Cadillac has been following the Germans, specifically BMW, for years now, trying desperately to have itself considered in the same realm of quality and performance, but to no avail. Recently, the introduction of the ATS and CTS have helped Cadillac’s cause, but while the two are very good sedans in their own right, when compared to their German rivals, specifically ones from Bavaria, they still fall a bit short. Not to say that Cadillac isn’t making great strides, because it is and will continue to do so. Especially with Johan de Nysschen taking the helm.
To start, Cadillac is claiming a dramatic weight loss for the CT6 in comparison to its big German rivals. Cadillac claims the CT6 will be not only the lightest in its class, by using a mix of aluminum and high-strength steel, but also around 200 lbs lighter than the BMW 5 Series. We’ll believe that when we see it, especially considering BMW’s new 7 Series will employ many weight loss techniques learned from the i8 hybrid supercar. However, not only is Cadillac claiming extreme lightness, but also torsional rigidity unmatched by any car before it. The folks in Detroit even released a video showing a team of advanced robots sporadically spot welding an aluminum body structure to display such rigidity.
This to me seems like a lot of chest pumping, but the results will likely be far less exciting. Considering that the CT6 will use a welded and bonded aluminum and steel structure, the claims of having “unparalleled body stiffness” are a bit arrogant, as there are cars like the BMW i3 which have solid carbon fiber body structures which are far stiffer than any made of welded aluminum, regardless of how stiff it may be, because it’s erm…one piece. Also the new BMW 7 Series will be using aluminum and high-strength steel as well, but it will also have some CFRP sprinkled about to help save weight. Audi will also be coming out with a new A8 which is said to be using Audi’s Spaceframe technology and will allegedly use composite materials in the design as well. So the CT6 better have some clever tricks up its sleeve if it wants to add more lightness than the Germans.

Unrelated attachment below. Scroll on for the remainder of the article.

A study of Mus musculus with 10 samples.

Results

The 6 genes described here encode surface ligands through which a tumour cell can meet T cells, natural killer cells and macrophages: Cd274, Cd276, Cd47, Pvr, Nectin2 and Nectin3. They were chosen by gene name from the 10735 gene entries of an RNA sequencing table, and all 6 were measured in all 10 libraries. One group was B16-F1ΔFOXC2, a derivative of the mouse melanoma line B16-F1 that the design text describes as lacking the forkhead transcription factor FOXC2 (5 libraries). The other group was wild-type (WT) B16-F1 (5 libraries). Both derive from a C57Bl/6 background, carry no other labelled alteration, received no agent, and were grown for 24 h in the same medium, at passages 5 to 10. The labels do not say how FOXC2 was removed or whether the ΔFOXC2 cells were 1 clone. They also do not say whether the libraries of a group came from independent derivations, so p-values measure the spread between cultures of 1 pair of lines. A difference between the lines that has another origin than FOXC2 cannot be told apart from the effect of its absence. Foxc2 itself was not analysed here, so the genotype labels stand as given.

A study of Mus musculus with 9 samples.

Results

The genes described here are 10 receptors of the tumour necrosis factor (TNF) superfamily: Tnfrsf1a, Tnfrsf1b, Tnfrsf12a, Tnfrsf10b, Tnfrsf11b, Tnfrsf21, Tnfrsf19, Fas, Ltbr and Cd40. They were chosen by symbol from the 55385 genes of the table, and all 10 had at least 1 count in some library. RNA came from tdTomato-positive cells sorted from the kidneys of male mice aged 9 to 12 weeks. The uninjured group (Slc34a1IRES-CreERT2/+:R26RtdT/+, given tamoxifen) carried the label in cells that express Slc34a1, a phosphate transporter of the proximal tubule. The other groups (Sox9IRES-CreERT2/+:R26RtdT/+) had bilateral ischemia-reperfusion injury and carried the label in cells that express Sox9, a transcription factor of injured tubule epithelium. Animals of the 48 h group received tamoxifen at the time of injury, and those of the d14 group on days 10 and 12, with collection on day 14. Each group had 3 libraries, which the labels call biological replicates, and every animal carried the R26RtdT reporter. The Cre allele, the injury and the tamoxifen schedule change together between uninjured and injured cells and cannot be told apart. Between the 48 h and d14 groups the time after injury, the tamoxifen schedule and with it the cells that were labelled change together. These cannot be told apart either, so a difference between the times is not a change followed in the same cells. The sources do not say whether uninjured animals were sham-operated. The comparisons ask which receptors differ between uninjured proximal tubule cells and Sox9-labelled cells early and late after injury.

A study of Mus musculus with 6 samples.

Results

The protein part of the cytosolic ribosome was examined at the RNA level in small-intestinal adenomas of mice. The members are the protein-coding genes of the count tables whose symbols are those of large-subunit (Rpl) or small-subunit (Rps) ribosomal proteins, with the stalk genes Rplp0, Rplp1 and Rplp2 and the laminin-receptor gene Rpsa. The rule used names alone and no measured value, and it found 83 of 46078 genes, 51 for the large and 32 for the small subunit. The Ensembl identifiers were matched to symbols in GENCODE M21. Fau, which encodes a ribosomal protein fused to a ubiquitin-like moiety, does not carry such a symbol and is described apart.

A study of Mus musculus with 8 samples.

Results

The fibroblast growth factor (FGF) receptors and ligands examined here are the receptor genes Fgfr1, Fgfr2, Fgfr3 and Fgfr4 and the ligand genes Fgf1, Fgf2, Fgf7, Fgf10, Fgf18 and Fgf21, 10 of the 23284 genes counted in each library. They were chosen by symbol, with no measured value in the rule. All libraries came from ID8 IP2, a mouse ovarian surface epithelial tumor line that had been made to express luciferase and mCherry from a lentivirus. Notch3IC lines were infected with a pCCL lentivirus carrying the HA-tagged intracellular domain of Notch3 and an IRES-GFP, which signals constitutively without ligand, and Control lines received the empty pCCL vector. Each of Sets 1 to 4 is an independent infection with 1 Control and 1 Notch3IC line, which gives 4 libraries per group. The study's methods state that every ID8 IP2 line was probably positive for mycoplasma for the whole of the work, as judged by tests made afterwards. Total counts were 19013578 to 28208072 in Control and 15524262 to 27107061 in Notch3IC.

The CT6 is also said to have Cadillac’s autonomous driving technology, and will be able to pilot the CT6’s steering, throttle and brakes on the highway as well as in bumper to bumper traffic. Or something that BMW and Mercedes already have in their highest-end cars.
The real advantage the CT6 has, is price. Industry sources are claiming a starting price of the CT6 could be around $60,000 and topping out somewhere around $90,000, or where the 7 Series and S Class start. Considering the CT6 should have similar levels of performance from its 400 hp, twin-turbo V6 engine and supposed lighter weight, that price range would hit BMW, Mercedes and Audi right where it hurts.
I have no doubt that the CT6 will be a good car. Cadillac is making some really good cars as of late, and it stands to reason that its flagship car will be no different. However, Cadillac is making some truly lofty, and frankly audacious claims, towards being the best at everything. While there’s nothing wrong with that as each car company has its own chest-pumping taglines and claims, most car companies start doing that when they actually have a car to present. At the moment the CT6 is nothing by shadows and hearsay. We’ll see next week when Cadillac finally reveals some details about the CT6. But Cadillac better be packing enough bite to match its bark.